Hip-Hop is not only a musical genre, but also an entire cultural movement that originated mainly in Jamaica and was brought to urban New York City in the 1970s. It was in the South Bronx that Hip-Hop pioneers like DJ Kool Herc and Africa Bambaataa would throw parties where they would DJ and play music. DJ Kool Herc, who was Jamaican-American, would isolate instrumentals and speak rhythmically over the beats. This is what is now known as “breaking” or “scratching”. He would do this at parties where hundreds of junior high school kids would gather and go crazy over his music. Hip-Hop culture also included break dancing, graffiti writing, beatboxing, and most importantly rapping. Rap, a form of achieving rhythm through spoken words that rhyme. Rap originated in West African tradition where wandering poets, called griots, would bring their stories from village to village. Hip-Hop culture as a whole became a form of artistic expression – an outlet to deal with the terrible conditions the black and Latino communities were living in at the time.

 

The first rap song to become a hit was Sugarhill Gang’s “Rapper’s Delight” in 1979. It was the first Hip-Hop track to be in the national Top 20. Then in the ‘80s, Hip-Hop transitioned from being confined to the U.S. and spread across the world. Other hits like Grandmaster Flash’s “The Message” (1982) and Run-DMC’s “It’s Like That” (1984) helped the genre gain more popularity.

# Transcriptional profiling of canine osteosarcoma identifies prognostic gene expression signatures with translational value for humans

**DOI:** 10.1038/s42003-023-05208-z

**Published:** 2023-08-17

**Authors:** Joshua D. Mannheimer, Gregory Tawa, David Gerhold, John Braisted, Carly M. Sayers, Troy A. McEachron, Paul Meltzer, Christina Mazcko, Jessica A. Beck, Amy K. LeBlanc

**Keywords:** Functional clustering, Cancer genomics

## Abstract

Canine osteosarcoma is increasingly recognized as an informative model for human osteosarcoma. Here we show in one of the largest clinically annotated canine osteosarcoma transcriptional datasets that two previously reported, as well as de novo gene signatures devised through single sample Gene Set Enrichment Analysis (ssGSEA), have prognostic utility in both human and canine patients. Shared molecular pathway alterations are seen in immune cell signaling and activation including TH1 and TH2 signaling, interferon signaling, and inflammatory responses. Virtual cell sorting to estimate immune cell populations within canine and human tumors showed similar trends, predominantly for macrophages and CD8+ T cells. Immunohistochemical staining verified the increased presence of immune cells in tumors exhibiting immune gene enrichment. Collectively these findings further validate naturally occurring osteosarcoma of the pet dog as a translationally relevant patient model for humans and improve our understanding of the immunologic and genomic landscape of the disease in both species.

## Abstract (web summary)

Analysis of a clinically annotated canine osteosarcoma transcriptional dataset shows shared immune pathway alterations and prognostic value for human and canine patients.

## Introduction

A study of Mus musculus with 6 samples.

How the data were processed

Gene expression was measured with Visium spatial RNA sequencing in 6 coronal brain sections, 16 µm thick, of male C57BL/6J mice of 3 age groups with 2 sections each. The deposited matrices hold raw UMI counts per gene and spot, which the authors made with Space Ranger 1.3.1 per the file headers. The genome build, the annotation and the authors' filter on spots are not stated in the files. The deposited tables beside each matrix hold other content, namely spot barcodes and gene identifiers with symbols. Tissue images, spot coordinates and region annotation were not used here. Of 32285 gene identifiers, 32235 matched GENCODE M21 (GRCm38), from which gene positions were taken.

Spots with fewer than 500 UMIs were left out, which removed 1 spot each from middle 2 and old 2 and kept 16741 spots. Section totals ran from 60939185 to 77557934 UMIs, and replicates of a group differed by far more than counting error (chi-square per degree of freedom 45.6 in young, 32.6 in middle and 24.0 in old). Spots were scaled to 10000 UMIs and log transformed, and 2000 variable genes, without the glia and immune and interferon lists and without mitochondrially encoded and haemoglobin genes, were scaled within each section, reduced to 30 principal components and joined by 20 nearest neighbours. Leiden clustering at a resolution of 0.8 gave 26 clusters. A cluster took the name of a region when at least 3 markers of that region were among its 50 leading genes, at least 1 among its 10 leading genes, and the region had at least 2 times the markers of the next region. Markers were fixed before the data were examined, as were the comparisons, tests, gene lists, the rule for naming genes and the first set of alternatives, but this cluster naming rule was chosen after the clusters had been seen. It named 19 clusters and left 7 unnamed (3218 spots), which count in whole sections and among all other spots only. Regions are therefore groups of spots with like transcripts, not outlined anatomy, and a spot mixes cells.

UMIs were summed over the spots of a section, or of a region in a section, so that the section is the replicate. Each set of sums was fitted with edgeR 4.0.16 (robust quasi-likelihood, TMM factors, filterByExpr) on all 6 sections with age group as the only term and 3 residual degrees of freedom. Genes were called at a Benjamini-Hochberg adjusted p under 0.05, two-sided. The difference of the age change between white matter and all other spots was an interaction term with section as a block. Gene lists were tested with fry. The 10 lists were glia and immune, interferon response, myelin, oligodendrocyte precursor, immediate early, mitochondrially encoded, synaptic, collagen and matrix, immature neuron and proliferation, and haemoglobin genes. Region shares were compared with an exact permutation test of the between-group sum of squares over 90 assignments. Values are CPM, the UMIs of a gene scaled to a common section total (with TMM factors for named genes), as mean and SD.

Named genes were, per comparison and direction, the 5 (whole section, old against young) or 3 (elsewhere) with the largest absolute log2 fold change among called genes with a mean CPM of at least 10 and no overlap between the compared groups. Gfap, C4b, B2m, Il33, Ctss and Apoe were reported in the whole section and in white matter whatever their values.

Hip-Hop found its way into the mainstream in the early 1990s with the release of Public Enemy’s Fear of a Black Planet and MC Hammer’s Please Hammer, Don’t Hurt ‘Em. MC Hammer’s album became the first Hip-Hop album to be certified diamond. The East coast vs. West coast rivalry emerged around 1991. Prominent West coast rappers included Dr. Dre, Snoop Dogg, and Tupac Shakur and East coast rappers like Nas, Wu-Tang Clan, and The Notorious B.I.G. The rap feud received national attention when The Notorious B.I.G. and Tupac Shakur were both shot and killed in drive by shootings that occurred within a year of each other. After 1997 the rivalry seemed to calm down as other rappers entered the Hip-Hop scene.

 

As the new millennium came, Hip-Hop was not slowing down. Dr. Dre produced Eminem's The Marhshall Mathers LP in 2000 and then 50 Cent’s Get Rich or Die Tryin’ in 2003. Get Rich or Die Tryin’ debuted at number 1 on the Billboard 200. In the mid-2000s alternative Hip-Hop brought a new side to the genre with artists like OutKast and Kanye West. Hip-Hop continued to change and evolve in the 2010’s. Artists like Drake, Kendrick Lamar, J. Cole, and Lil Wayne took over the charts …and continue to do so today.

 

The most recent subgenre of Hip-Hop to reach the mainstream is trap music. Trap music is categorized by heavy use of the 808 Roland drum machine, synthesizers, and other specific sound/beat patterns. Many artists have become popular due to this genre including Future, Migos, Young Thug, Travis Scott, and Lil Uzi Vert.